Thomas Arne
Thomas Arne

Thomas Arne

About Thomas Arne

Thomas Arne was born in London to an upholsterer. He attended Eton College to study law, but also undertook violin with Michael Festing against the objections of his father. This disobedience was eventually uncovered, but Arne's father eventually withdrew his opposition and allowed his son to pursue a musical career. Arne got started by providing singing lessons to his brother Richard and sister Susannah; the three of them would present Arne's first masque, Rosamond, at Lincoln's Inn Fields in 1733 (the sister, under her married name of Susannah Cibber, would become the most admired dramatic actress of her age).
Arne married singer Cecelia Young in 1736. Establishing himself as house composer at Drury Lane, in 1737 Arne produced Comus, a masque which introduced, in Burney's words, "an era in English Music." This was followed by the masque Alfred in 1740, including "Rule, Britannia!" -- destined to become one of England's most popular patriotic songs. In 1745, Arne unveiled his arrangement of the English tune "God Save our Noble King" at Drury Lane. As "God Save the King," Arne's setting would be adopted as the national anthem of Britain. 1745 also witnessed the opening of the pleasure gardens of Vauxhall, and Arne was a major contributor of popular songs performed there for nearly two decades.
Owing to a salary dispute with impresario David Garrick, Cibber defected to Covent Garden in 1750, and Arne likewise followed. This led to a bitter competitive battle between the two theaters. In 1755, Cibber would return to Drury Lane, but Arne was out of favor with Garrick, and left for Dublin with his wife and a student, Charlotte Brent. Arne became involved romantically with Brent, and returned to London, leaving his wife behind in Dublin. The difficulty with Garrick still proving an obstacle, Arne took up residence at Covent Garden. There in 1759-1762, Arne produced four works that would set stylistic standards in English theater for generations; first, a revamping of Gay's The Beggar's Opera, and in 1760 Thomas and Sally, the first English comic opera based on an Italian model. Artaxerxes, a grand opera and Arne's crowning artistic achievement, followed in 1762, as did his greatest commercial success, Love in a Village, which introduced pasticcio opera to England.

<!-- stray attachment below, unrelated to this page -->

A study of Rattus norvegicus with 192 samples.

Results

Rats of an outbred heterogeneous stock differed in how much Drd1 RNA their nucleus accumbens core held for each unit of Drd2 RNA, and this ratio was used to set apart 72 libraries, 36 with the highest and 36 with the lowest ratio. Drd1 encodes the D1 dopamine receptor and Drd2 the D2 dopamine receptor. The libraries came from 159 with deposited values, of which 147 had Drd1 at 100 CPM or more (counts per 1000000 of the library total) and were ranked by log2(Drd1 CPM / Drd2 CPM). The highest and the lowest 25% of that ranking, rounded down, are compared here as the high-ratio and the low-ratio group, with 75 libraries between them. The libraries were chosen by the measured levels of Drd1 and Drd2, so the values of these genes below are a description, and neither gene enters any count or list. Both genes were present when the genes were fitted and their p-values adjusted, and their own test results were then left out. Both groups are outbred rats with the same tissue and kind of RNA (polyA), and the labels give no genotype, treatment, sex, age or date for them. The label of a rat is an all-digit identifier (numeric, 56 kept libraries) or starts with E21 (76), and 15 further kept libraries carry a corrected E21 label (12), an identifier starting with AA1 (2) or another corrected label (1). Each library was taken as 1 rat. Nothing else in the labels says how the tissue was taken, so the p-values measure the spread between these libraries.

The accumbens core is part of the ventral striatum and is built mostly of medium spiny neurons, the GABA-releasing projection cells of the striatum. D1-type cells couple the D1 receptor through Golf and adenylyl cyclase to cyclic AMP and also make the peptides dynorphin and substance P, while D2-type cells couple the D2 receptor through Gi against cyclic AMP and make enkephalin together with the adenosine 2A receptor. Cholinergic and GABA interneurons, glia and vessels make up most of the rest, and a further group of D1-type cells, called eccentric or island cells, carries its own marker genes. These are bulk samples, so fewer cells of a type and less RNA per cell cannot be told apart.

In 1766, Susannah Cibber died, and Charlotte Brent departed to marry the violinist Thomas Pinto. A revival of Artaxerxes given at Drury Lane in 1768 failed against a competing production at Covent Garden starring Mrs. Pinto. Though mortally wounded in a professional sense, Arne would continue to write and produce a few more stage works, including his lost valedictory effort Caractacus (1776). Arne's fortunes foundered, and by 1770, his wife was petitioning for support. In October 1777, after two decades of separation, Arne and Cecilia were reconciled, but by that time, his health was failing, and he died the following March at age 67.
Outside of Thomas and Sally, the patriotic tunes and some songs, Arne's music went into total eclipse for two centuries, and much of it burned in the Drury Lane fire of 1809. Of Arne's stage works, which numbered over a hundred, only 14 survive. In surviving songs and cantatas, Arne achieves an exquisitely light transparency of texture, and often his orchestration is striking in its boldness and color. His vocal writing is difficult but not showy, it flows naturally, and the frame in which it resides is ordered and direct. He also left some odes, the oratorio Judith, sacred music, four symphonies, several overtures, six keyboard concerti, chamber music, and many fine songs, particularly those on texts of Shakespeare.